The long awaited Regulations transposing the UCITS V Directive into Irish law have finally been published (the “UCITS Regulations”) with significant implications for UCITS Managers, particularly regarding remuneration requirements and depositaries. 

By way of background, UCITS established in Ireland are authorised under the European Communities (Undertakings for Collective Investment in Transferable Securities) Regulations 2011, which transpose the UCITS Directive 2009/65 (“UCITS Directive”) into Irish law.

The UCITS V Directive 2014/91 (“UCITS V”) entered into force in September 2014. It amends the UCITS Directive to provide for:

  • new requirements for depositaries dealing with depositary eligibility, duties, delegation, liability and disclosure;
  • rules governing remuneration policies and principles applicable to staff members with a material impact on the risk profile of the UCITS Manager or the UCITS that it manages (“material risk takers”) as well as new disclosure requirements; and
  • the harmonisation of the minimum administrative sanctions regime across Member States.

UCITS V also provides for several empowerments for the European Commission to adopt delegated acts relating to the new requirements and requires the European Securities and Markets Authority (“ESMA”) to publish guidelines on the persons comprising material risk takers for the purpose of the remuneration rules and the application of the remuneration principles. On 1 February 2016 ESMA published a new UCITS Q&A which sheds welcome light on a number of UCITS V issues regarding associated documentation updates for UCITS funds (see our related briefing here).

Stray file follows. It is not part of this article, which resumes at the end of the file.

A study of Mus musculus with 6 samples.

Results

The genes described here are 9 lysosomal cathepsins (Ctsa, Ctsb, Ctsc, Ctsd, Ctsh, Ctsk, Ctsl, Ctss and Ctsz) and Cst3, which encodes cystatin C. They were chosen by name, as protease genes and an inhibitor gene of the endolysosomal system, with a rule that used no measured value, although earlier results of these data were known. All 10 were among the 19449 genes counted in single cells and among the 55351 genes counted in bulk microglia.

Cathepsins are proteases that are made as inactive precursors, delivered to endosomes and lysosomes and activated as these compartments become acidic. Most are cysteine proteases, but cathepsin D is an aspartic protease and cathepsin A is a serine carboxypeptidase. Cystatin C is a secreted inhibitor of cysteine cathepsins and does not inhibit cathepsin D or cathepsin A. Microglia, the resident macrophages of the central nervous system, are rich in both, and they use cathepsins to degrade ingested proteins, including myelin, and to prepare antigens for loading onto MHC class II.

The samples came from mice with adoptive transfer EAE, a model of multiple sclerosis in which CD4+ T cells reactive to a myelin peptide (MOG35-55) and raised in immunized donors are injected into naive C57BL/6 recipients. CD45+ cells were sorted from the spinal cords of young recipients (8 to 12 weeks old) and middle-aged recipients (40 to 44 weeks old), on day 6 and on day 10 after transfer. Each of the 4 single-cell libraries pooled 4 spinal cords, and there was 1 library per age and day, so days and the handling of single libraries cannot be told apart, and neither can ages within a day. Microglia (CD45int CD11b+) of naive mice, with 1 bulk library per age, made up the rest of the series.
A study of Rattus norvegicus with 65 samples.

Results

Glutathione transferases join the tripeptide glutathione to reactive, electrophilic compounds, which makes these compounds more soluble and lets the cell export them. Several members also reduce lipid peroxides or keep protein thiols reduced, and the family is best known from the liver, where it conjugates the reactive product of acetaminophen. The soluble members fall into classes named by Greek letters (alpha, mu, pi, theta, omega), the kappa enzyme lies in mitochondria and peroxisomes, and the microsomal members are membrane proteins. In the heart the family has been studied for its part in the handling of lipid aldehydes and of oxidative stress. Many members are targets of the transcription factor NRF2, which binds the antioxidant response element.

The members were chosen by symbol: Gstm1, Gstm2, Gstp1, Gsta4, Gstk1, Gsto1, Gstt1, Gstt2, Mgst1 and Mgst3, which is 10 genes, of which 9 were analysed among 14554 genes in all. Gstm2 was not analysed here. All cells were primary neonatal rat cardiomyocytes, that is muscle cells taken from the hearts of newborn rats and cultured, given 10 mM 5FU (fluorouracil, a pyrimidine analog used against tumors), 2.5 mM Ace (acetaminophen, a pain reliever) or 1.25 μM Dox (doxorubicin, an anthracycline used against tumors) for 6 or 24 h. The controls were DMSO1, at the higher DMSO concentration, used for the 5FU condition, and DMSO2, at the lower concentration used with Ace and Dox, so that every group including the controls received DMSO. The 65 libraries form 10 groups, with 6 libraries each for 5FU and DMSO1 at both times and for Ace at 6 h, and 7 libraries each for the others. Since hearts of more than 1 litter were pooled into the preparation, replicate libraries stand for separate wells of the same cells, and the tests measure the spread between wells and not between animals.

The UCITS Regulations amend the existing Irish regulatory framework for UCITS by transposing the UCITS V requirements into Irish law. This timely transposition of UCITS V underscores Ireland’s position as a domicile of choice for UCITS products seeking access to both European and international markets. It follows a number of other legislative developments impacting on UCITS, including, in particular, the adoption of the Central Bank UCITS Regulations, which entered into force on 1 November 2015 (see our related briefing here).

UCITS Managers should now make appropriate arrangements with their depositaries and put in place a UCITS V compliant remuneration policy, if they have not already done so. However they should also be aware that the UCITS V regulatory framework is not yet complete and that further changes may need to be made to these arrangements/policies over the coming months. In particular, the draft Delegated Regulation on the obligations of depositaries is still being considered by the European Parliament. If the Parliament does not object it will be published in the EU’s Official Journal, enter into force on the 20th day following its publication and apply six months after that day. Meanwhile, we expect ESMA’s final guidelines on sound remuneration policies to be published shortly.

The UCITS Regulations will be published on the Department of Finance website over the next couple of days.